Sntjohnny-on-the-spotNovember 9, 2007 — Deacon Duncan
I’ll say this for Mr. Horvath: he may be reluctant to defend Jesus on his blog, but let me post something that reflects poorly on Horvath himself, and he’ll get a rebuttal posted almost in the time it takes to type it in.
Herr Professor gives an overview of the fantastic elements in the Pullman series and then quotes me when I say that in the Pullman series there is no line between reality and fantasy.
This is as clear an example of Herr Professor’s terrible reading abilities as one can get. My line about there not being a line between reality and fantasy was not in association with the witches and ‘magic’ of the Pullman series, but rather the working principles that undergird the Pullman series – which certainly are presented as reality.
It seems Mr. Horvath, despite his criticism of my “terrible reading abilities,” is unfamiliar with the common practice of lending plausibility to one’s fantasy stories through incorporation of realistic elements. He also seems to think that Pullman’s stories, rather than leaning on familiar topics in order to enhance verisimilitude, is instead a plot to advocate certain strange and dangerous ideas as being the way things really are. His original post even spells out for us precisely what this insidious plot allegedly is:
The real danger of the Pullman series is that it prepares the young, thinking person, to believe that even if Jesus rose from the dead, that still would not be evidence for the existence of God, or for the truth of Christianity.
And how did Pullman pull off this particular bit of subliminal brainwashing? By writing a story in which God was a real character, and in which the vaguely-referenced events of the ancient Bible stories might actually have occurred, or in other words by portraying God as real, and the Biblical events as largely accurate (though misinterpreted). Wow, that’s sneaky, eh?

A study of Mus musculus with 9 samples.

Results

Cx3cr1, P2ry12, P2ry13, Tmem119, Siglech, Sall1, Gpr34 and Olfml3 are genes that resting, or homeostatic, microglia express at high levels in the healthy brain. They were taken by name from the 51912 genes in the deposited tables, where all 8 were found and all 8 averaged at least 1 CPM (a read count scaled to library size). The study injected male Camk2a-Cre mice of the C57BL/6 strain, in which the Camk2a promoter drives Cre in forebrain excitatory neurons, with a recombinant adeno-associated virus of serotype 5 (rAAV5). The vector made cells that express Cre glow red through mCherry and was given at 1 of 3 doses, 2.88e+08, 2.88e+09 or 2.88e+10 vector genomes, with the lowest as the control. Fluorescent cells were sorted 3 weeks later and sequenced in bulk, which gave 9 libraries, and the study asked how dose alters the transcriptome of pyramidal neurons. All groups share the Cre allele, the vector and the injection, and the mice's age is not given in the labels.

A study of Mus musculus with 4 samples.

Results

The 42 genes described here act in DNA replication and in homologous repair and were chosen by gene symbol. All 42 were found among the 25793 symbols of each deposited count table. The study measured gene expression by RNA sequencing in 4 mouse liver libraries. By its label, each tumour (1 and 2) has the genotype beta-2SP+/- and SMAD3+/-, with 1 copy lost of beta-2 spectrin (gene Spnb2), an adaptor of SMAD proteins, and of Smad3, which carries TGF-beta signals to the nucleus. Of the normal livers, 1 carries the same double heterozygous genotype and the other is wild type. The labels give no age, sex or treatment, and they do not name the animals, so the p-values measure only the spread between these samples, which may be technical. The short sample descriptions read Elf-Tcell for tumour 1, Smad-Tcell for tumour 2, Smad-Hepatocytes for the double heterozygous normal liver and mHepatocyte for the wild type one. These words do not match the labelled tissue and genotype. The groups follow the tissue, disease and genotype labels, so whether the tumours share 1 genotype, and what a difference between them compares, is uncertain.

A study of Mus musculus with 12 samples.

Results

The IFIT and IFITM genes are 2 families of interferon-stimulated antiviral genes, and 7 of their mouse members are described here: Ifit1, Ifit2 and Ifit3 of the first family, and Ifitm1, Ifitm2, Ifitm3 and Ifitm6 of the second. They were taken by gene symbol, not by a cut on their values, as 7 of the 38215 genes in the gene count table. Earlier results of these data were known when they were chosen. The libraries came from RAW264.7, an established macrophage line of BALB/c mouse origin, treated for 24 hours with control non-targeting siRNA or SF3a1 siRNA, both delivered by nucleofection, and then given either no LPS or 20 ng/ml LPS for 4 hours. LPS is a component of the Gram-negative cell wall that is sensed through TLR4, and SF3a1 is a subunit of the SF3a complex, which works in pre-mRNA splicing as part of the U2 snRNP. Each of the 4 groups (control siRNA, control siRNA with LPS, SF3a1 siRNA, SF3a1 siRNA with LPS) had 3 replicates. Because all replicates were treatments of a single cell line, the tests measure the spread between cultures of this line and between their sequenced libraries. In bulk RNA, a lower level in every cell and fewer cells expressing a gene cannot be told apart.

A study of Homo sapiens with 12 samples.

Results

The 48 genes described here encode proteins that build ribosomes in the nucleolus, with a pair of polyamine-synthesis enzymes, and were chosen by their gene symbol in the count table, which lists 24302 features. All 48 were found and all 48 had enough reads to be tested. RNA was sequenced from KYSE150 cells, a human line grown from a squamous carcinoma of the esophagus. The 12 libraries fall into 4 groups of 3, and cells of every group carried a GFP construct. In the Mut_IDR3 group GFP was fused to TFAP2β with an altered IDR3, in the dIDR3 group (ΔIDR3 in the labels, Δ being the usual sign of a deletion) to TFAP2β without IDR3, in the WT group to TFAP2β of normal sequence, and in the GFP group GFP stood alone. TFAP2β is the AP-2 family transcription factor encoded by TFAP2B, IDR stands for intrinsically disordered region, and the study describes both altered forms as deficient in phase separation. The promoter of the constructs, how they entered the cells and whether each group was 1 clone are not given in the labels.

What Pullman did was to imagine a world in which God was real, and did interact with the real world in ways that are consistent with the rest of reality. That’s an idea that’s fatal to Christianity, which has always protected God by hiding Him in a supernatural realm that, by definition, is inaccessible to scientific study and verification. Pullman’s “many worlds” setting rips away the veil that walls God off from man, and invites us to imagine what would happen if modern scientific techniques were able to observe actual interactions between a divine being and the natural world.
It’s no wonder Horvath finds this concept so alarming. Truth is consistent with itself, and once we allow ourselves to consider all the ways a real God would have a scientifically-detectable impact on the natural world, as Pullman portrays Him as having, then one can hardly help but notice how inconsistent the real world is with the Gospel. It’s not that a genuine resurrection would fail to be evidence for Christianity, it’s that God cannot survive in a world that requires truth to be self-consistent.